Improv, Comedy, Women, Melbourne and everything in between.
“When an improviser lets go and trusts his or her fellow performers, it’s a wonderful, liberating experience that stems from group support,”
– Charna Halpern, Del Close, Kim Johnson in Truth In Comedy
The most important thing I have ever learnt about improvising (thus far) is also the most simple: listen and react.
“Well, DUH” – said a chorus of people who still say ‘duh’/are aware that listening and reacting is straight-up common sense and human instinct. To listen to something and then react like a human being is what being a functioning member of society is all about.
Alas, to an up-and-coming improviser this lesson takes a while to show itself. I remember the exact moment I learnt this lesson, it wasn’t on stage and it wasn’t in class…
It was before my last show with my first Harold team, The Reluctant Sergeants (who were indeed as reluctant as our name suggested). Before these shows I would get nervous three hours beforehand (this seems absurd to me now, but hey, that’s personal growth for ya!), sometimes I’d even wake up nervous on show-day. My anxiety came from a place of “what if my brain stops working on stage?” “what if I can’t pump out witty one-liners?” and “what if no one laughs at me?” – none of which are really relevant to good scenework.
Before my first level 1 show (one year ago), I was an 8 week old improviser sitting on a train, writing down a list of back-up characters, back-up initiations and even back-up scenarios that I could perhaps use if all else failed in the student showcase I was sweating about later that evening. I didn’t use any of it during my show. And it was a great show. Lesson: don’t pre-plan anything, just clear your head and focus. Listen and react.
An improviser’s confidence and skill works in a cyclical fashion. Sure, there are mistakes I made in level 1, 2, and 3 that I know never to repeat (ie. don’t do teaching/problem-solving scenes, quit making so many damn pop-culture references, don’t be a character that just asks questions, don’t sacrifice a good scene for a quick joke etc.) Yet improvisers fall in and out of grooves of confidence that can often be mistaken for losing skill. I personally like to call this experience “testing your fitness” (improv fitness).
Allow me to metaphor you. When you’re training for a marathon (something I have done), you’re aiming to build up consistency in your fitness. You’re aspiring towards sustainability and dependability within your body and mind. You start out with 3km runs that eventually work their way into 15km runs that eventually work their way into 28km runs and so on so forth. But when you’re training for a marathon, you don’t feel like you’re getting any fitter. Sure, your body is changing and you can now sprint to the train station if you have to (you’re also running distances you’ve never ran before), but you don’t notice your improvement when you’re always raising the bar until you run 3km again and see how far you’ve come.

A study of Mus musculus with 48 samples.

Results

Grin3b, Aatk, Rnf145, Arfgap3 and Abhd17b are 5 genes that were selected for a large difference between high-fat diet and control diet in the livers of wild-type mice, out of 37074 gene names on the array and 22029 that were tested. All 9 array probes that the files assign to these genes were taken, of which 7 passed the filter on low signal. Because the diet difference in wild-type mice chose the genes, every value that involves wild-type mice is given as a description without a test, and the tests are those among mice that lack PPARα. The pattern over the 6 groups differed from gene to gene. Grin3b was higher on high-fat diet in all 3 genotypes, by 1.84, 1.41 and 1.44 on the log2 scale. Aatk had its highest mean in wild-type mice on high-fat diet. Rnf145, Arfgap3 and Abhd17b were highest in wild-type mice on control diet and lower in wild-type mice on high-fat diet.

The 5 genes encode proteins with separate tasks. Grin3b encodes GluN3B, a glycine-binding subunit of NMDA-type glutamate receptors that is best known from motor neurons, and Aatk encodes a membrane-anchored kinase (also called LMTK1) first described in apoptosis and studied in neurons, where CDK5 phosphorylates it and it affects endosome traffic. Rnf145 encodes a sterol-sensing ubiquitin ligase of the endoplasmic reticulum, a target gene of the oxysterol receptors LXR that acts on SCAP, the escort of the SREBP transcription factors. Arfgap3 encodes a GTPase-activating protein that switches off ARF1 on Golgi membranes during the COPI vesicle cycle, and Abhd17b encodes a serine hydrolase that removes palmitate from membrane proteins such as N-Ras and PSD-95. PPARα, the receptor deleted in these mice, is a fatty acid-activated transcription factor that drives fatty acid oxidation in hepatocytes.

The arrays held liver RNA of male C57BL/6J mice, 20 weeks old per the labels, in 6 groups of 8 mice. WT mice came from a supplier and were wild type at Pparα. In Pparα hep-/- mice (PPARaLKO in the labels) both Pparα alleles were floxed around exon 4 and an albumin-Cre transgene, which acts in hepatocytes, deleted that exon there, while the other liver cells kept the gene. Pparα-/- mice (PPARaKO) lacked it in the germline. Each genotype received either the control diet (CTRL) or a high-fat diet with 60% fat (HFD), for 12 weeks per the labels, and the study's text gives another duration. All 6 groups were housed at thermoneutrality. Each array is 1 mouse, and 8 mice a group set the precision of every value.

This is not dissimilar to learning a new improv format or training with a new team.
When you start out in long-form improv, you’ll learn the Armando – monologues and scenework. A simple, pure form of improv. Then you work your way towards the Harold – the complicated daddy of long-form improv with life-lessons and reminiscing (call-backs) aplenty. Once you’re familiar with the Harold and you’re doing it every week, you’ll start reaching out to other formats (the Deconstruction, the La Ronde, the Movie etc.), you’ll start playing with improvisers you look up to and you might even start doing festival shows and you’ll be getting more notes because you’re more involved and all of a sudden, you’ll ask yourself, am I getting worse? This happened to me when I toured with my improv company to Perth Fringe Festival, and again during the Melbourne International Comedy festival.
Deep down I knew I wasn’t getting worse at improv, I was just pushing myself and setting higher standards for my work, but it’s pretty hard to keep that in mind when all you want to do is put on a wonderful show when you feel like you’re not succeeding. But still, even when my confidence is at an all time low, where did all my anxiety go? It went away when I learned to simply listen to my scene-partner and react to their offers.
Back to my original anecdote, the Reluctant Sergeants are standing in a circle outside the Dan O’Connell Hotel before our last Harold Night performance as a team. We do a round of Da-Doo-Doo (a simple task of word association), a warm-up that had brought me copious amounts of nervousness and panic where I would often use pre-planned words (‘Cat’ was my go-to word, as it is with many early students… I notice this because I now teach level 1 improv).
Standing in that circle with my team, I challenged myself. I thought, “just look the person next to you in the eye, take in what they say, and associate off that word LIKE THE GODDAMN HIGH-FUNCTIONING HUMAN BEING YOU ARE, DAMMIT” and I did. And in that split second, where I pushed everything from my mind and just trusted the fact that I could listen and respond to my teammates, I learnt trust. Trust in my team, trust in myself. My anxiety went away and it hasn’t visited me for a while.
Obviously I still get pre-show adrenaline nerves because, hey, I’m just a human who wants to feel it all, but no one should get that nervous before an improv show.
This post is part of an upcoming and continuing series of lessons learnt, lessons taught, mistakes being made and fun times had as an improviser in Not Sure If… Improv Notes or Life Advice.